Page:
The Southern Ground Hornbill is an easily recognisable bird that occurs in the northern and eastern parts of South Africa. Turkey-sized, weighing up to 6 kilograms, very confident, and with the longest eyelashes imaginable, they make great photographic subjects.
Ground hornbills are mostly found in woodland or savanna with large trees used for roosting, and nesting in deep holes in often dead trees.
In the early morning, their booming, lion-like, calls can be heard up to 3 kilometres away. Groups of between 2 and 11 individuals occupy home ranges of about 100 square kilometres. These groups consist of a dominant alpha pair, the only ones in the group that breed, and their “helpers” of various ages. Though they lay clutches of two or three eggs between September and December and incubate the eggs for 45 days, only one hatchling is raised to fledging, the others either dying of neglect or being killed by their older sibling. The chick leaves its tree-hole nest at three months of age and is then cared for by its parents and their helpers for up to two years. This means that a pair of ground hornbills produce a maximum of one offspring only once in three years which is an exceptionally low rate of reproduction for a bird – some studies have found that only one chick every nine years reaches adulthood! Ground hornbills can live for up to 30 years in the wild.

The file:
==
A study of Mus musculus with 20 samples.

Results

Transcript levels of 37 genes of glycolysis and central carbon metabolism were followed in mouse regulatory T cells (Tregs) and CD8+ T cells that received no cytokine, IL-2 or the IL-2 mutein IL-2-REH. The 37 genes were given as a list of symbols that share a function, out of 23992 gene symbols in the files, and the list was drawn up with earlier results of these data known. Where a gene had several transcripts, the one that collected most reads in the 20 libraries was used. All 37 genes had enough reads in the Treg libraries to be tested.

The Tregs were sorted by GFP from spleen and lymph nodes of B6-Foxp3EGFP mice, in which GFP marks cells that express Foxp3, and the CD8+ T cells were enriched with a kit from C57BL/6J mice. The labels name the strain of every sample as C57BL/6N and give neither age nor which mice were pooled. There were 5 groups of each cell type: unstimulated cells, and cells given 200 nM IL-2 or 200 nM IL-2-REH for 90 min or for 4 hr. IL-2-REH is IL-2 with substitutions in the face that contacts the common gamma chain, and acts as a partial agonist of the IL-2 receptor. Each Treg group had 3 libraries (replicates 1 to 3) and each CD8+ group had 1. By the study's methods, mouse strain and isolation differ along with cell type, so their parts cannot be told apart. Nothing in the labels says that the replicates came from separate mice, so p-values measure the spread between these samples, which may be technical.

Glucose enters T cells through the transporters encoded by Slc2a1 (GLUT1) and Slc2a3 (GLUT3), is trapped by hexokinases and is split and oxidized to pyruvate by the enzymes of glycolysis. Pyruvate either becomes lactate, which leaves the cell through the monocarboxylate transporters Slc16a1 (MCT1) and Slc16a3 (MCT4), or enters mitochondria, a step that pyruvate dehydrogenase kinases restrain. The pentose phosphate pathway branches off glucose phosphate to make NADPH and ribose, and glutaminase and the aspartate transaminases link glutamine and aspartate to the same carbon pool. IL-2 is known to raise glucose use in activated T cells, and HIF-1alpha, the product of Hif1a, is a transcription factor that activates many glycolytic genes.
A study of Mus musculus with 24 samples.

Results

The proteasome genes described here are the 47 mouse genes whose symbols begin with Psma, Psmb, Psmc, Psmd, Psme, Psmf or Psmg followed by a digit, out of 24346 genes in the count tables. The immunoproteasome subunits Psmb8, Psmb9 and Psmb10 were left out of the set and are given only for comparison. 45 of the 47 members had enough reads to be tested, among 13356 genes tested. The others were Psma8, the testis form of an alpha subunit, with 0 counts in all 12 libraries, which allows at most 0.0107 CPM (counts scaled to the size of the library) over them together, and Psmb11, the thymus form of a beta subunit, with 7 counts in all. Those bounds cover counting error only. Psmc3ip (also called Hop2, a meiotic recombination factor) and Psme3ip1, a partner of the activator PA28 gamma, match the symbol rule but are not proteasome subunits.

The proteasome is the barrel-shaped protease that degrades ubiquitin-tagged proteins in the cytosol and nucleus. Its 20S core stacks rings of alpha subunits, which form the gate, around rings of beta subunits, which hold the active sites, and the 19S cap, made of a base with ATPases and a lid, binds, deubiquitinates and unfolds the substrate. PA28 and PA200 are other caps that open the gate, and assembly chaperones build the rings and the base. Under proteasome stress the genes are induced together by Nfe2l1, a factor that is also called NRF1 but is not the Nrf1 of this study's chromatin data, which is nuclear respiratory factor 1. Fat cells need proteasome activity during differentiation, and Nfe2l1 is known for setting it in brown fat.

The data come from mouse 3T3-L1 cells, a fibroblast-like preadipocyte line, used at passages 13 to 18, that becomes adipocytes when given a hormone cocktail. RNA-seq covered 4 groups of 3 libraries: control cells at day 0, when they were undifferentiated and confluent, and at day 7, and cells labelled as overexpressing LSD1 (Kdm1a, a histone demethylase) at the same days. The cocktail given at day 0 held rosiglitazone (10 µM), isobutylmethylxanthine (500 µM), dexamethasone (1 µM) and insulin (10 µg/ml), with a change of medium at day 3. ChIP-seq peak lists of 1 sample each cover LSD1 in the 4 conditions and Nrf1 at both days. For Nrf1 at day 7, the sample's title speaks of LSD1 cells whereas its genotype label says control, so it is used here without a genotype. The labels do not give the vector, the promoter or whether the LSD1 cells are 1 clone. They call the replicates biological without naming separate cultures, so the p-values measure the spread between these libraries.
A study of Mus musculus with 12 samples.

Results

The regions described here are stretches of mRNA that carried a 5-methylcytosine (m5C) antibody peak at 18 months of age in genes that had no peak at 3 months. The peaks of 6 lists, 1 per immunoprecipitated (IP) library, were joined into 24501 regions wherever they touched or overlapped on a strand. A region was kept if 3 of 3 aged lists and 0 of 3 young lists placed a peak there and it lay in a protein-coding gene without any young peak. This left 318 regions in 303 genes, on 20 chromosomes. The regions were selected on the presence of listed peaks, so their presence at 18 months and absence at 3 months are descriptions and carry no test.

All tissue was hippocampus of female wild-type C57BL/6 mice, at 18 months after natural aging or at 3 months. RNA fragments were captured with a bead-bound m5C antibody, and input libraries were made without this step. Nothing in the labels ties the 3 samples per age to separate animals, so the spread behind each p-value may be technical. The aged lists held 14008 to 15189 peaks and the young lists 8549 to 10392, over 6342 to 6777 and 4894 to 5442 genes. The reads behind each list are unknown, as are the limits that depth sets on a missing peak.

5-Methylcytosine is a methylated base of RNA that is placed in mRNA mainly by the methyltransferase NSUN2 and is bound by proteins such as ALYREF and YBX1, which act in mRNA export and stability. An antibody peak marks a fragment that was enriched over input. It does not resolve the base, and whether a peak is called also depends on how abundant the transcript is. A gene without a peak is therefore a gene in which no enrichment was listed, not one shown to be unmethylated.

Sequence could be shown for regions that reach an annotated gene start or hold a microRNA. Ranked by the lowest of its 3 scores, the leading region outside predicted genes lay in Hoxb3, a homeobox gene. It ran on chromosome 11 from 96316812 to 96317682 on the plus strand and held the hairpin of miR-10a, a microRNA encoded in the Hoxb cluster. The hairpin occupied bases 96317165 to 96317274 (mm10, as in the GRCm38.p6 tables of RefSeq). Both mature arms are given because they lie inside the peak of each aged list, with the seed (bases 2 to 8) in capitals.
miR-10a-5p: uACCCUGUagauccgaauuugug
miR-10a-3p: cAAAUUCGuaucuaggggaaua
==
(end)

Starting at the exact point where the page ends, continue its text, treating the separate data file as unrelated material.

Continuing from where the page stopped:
Though they are quite capable flyers, you’ll mostly see them striding across the savanna – they can walk distances up to 11 km a day – searching for food. Ground hornbills are predators and their diet ranges from small fry like insects, snails, lizards and frogs to large snakes and mammals up to the size of hares! They’re often encountered near veldfires and on burned areas, searching for exposed prey fleeing the flames or scorched morsels ready for the picking. They’ve also learnt that visitors to game reserves often offer handouts of food from inside motor vehicles, a practice that should not be encouraged as it is detrimental to their health and negatively affects their natural behaviour.
Unfortunately, the Southern Ground Hornbill is an endangered species in South Africa. Having lost much of its habitat to farming practices and tree harvesting, they’re also targeted by poachers supplying the traditional medicine (or muthi) trade, in which their ground up bones are regarded as “protection” against lightning strikes. This, coupled with their slow reproductive rate, has pushed them to the brink of being wiped out. Today, the only place in the country where they can be found reliably is in the Kruger National Park, where the population stands at about 700 individuals. In an effort to boost their numbers, conservators often remove the second-laid egg from nests for hand-rearing and then later release the juvenile bird back into the wild, and in this way founder populations have been re-established at a handful of reserves from which they’ve disappeared.